The 2016 IEB pass rate is 98.67%, comparable to last year’s pass rate of 98.30%, the Independent Examinations Board announced. File picture: Flickr
The 2016 IEB pass rate is 98.67%, comparable to last year’s pass rate of 98.30%, the Independent Examinations Board announced. File picture: Flickr

98.67% pass rate for IEB matrics

By Staff Reporter Time of article published Dec 30, 2016


This year, 11 022 full-time and 703 part-time candidates from 237 examination venues across South Africa, Mozambique, Namibia and Swaziland wrote the IEB National Senior Certificate (NSC) examinations in October and November 2016.

Of the 11 022 full-time students who wrote, 10 871 (98.67%) passed and 151 (1.33%) failed.

According to the IEB, all candidates that passed achieved a pass that is good enough to enter tertiary study at one of the three levels.

* 87.61% of the cohort achieved entry to degree study, compared to 85.26% in 2015.

* 9.83% qualified for entry to diploma study, compared to 11.66% in 2015.

* 1.23% achieved entry for study at the Higher Certificate level, compared to 1.37% in 2015.

See how the IEB Class of 2016 fared against last year's results

Part-time students do not write the full set of subjects and hence are not included in the results. They get a statement of results for the subject/s they write, the IEB said.

The board said that Umalusi had monitored all aspects of the 2016 IEB examinations process and declared the results as fair and valid.

“The IEB is proud of the achievements of the Class of 2016. With a commitment to hard work over 12 years of schooling, supported by a dedicated cohort of teachers and parents, these learners have achieved the first major milestone in their learning careers," said Anne Oberholzer, CEO of the IEB.

"There is also a clear realisation among IEB learners, their parents and their teachers that having the knowledge and understanding that lies behind the results on the certificate is far more important and meaningful for success after one’s schooling. To have a certificate with good results, but not the substance of learning required for success, simply means facing failure at the next step of your learning career,” she said Oberholzer.

           

The performance of the class of 2016 in Advanced Programme Mathematics, consisting of 1407 learners from IEB schools and 1275 learners in state schools has been very pleasing with 87,9% achieving a pass above 40%, compared to 87,7% in 2015. From a total of 652 learners offering AP English, 98,12% achieved a pass mark of 40% and above, while all learners offering AP Afrikaans achieved a mark of 40% and above. the IEB said.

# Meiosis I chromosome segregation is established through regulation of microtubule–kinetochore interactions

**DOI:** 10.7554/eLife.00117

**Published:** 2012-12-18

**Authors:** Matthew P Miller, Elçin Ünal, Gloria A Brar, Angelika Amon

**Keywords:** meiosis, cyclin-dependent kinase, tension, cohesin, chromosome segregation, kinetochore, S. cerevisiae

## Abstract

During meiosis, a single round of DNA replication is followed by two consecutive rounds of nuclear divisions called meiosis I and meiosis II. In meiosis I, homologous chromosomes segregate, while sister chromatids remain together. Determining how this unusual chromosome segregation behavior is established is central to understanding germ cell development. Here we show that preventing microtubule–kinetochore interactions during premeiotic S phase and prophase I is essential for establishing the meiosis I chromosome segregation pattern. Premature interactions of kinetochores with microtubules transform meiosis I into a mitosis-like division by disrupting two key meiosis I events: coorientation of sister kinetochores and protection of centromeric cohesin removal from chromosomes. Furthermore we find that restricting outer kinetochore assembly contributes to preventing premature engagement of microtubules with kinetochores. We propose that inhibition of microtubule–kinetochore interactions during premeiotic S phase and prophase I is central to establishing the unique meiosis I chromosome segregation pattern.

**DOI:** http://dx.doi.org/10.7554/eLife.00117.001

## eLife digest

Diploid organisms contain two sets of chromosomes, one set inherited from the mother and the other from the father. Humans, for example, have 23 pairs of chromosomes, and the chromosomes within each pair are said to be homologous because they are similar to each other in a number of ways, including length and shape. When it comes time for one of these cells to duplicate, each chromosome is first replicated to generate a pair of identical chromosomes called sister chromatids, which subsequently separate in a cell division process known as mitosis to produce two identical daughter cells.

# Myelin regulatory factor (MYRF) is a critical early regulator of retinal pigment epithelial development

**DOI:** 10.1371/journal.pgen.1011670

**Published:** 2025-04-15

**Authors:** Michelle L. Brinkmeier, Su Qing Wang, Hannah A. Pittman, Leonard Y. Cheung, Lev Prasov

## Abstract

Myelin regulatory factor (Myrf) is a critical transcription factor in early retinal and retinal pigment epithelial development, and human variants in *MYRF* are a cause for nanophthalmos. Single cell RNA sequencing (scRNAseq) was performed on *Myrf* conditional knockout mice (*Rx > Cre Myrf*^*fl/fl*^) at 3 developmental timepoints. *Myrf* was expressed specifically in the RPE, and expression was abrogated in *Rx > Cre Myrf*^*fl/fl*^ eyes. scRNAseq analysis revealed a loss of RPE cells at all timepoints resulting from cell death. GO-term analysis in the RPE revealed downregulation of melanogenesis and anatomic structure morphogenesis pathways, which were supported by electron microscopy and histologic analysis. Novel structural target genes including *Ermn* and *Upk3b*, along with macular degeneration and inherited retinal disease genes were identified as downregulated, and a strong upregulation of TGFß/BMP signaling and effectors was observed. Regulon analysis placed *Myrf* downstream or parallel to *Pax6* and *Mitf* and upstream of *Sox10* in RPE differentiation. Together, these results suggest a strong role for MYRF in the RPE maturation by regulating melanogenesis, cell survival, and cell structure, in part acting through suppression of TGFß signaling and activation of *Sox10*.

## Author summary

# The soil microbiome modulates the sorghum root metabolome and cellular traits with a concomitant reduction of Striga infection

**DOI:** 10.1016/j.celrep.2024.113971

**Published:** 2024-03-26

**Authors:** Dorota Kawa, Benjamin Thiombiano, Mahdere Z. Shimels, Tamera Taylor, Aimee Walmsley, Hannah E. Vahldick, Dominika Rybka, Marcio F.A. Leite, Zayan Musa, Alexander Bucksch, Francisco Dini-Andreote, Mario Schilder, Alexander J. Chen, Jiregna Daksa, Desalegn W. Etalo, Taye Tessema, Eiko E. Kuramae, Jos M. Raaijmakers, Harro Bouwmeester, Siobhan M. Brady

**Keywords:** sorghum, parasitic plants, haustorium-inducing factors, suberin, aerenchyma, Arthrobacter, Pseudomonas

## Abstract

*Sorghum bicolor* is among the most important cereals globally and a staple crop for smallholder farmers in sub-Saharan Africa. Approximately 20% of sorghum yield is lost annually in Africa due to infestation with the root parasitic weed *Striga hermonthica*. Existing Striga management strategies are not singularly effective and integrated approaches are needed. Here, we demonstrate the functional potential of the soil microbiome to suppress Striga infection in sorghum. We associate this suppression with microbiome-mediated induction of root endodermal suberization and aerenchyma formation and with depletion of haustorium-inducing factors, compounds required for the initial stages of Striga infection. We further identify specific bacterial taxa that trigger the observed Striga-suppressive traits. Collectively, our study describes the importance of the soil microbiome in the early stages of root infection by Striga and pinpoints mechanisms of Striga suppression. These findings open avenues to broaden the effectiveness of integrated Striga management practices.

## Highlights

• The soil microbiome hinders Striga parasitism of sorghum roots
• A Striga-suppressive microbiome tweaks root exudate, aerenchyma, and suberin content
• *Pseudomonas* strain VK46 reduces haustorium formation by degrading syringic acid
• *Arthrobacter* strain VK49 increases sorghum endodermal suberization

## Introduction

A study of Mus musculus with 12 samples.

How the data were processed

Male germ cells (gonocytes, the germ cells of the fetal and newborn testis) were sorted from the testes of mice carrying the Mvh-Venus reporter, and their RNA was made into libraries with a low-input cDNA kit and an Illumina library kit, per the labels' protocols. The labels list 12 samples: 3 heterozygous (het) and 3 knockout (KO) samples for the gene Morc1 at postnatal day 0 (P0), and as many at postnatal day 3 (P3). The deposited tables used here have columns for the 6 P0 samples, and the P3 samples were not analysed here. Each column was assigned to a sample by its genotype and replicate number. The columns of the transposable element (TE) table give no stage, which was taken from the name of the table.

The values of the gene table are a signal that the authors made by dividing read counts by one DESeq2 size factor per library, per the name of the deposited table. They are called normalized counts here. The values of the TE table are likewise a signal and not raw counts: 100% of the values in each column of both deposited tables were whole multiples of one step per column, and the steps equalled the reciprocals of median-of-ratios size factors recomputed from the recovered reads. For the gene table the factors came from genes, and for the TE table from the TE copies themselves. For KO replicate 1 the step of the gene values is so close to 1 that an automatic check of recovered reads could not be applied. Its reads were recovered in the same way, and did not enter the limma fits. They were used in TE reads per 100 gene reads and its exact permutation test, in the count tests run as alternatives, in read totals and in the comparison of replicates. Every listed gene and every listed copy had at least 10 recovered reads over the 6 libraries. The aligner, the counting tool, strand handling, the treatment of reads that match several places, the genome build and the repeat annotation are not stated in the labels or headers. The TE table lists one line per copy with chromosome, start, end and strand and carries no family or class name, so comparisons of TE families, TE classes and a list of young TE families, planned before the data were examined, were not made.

The Advanced Programme courses are extension courses benchmarked by UK NARIC, the UK equivalent of the South African Qualifications Authority, and are considered equivalent to the UK A-levels.

Also, of the 66 candidates who offered Combined Abitur-NSC – a qualification offered by the German Schools in Cape Town, Johannesburg and Pretoria – all passed with entry to degree study. The qualification consists of five subjects assessed by the IEB and seven subjects assessed by the German Education authorities. Through this government-to-government agreement, successful learners in the Combined Abitur-NSC are recognised by German education authorities for entry to German universities and by the South African education authorities for entry to South African universities, the IEB said.

* The closing date for the application for remarks is 10 January 2017 and the results from remarking will be released on 1 February 2017. The closing date for learners who qualify to enroll for the supplementary examination to do so, is 6 February 2017.

Oberholzer voiced concern over the increase in dishonesty in SA's education system.

“Parents should be vigilant that the school they choose for their children upholds the highest ethical values that they would want their children to subscribe to. There are a number of associations to which independent schools may belong that assure the public of the bona fides of their member schools," she said.

Such associations include the Independent Schools Association of South Africa (ISASA), the Association of Christian Schools International (ACSI) as well as a number of religious school associations such as the Catholic, Anglican, Methodist, Muslim and Jewish schools. Groups of schools committed to quality education, associated with the IEB, include the Curro schools, some brands in the Advtech group as well as the REDDAM schools., she said.

"Furthermore parents should check the registration status of the school with the relevant provincial department of education, and should the school be offering the NSC examination, it is critical for parents to check the accreditation status of the school with Umalusi,” advised Oberholzer.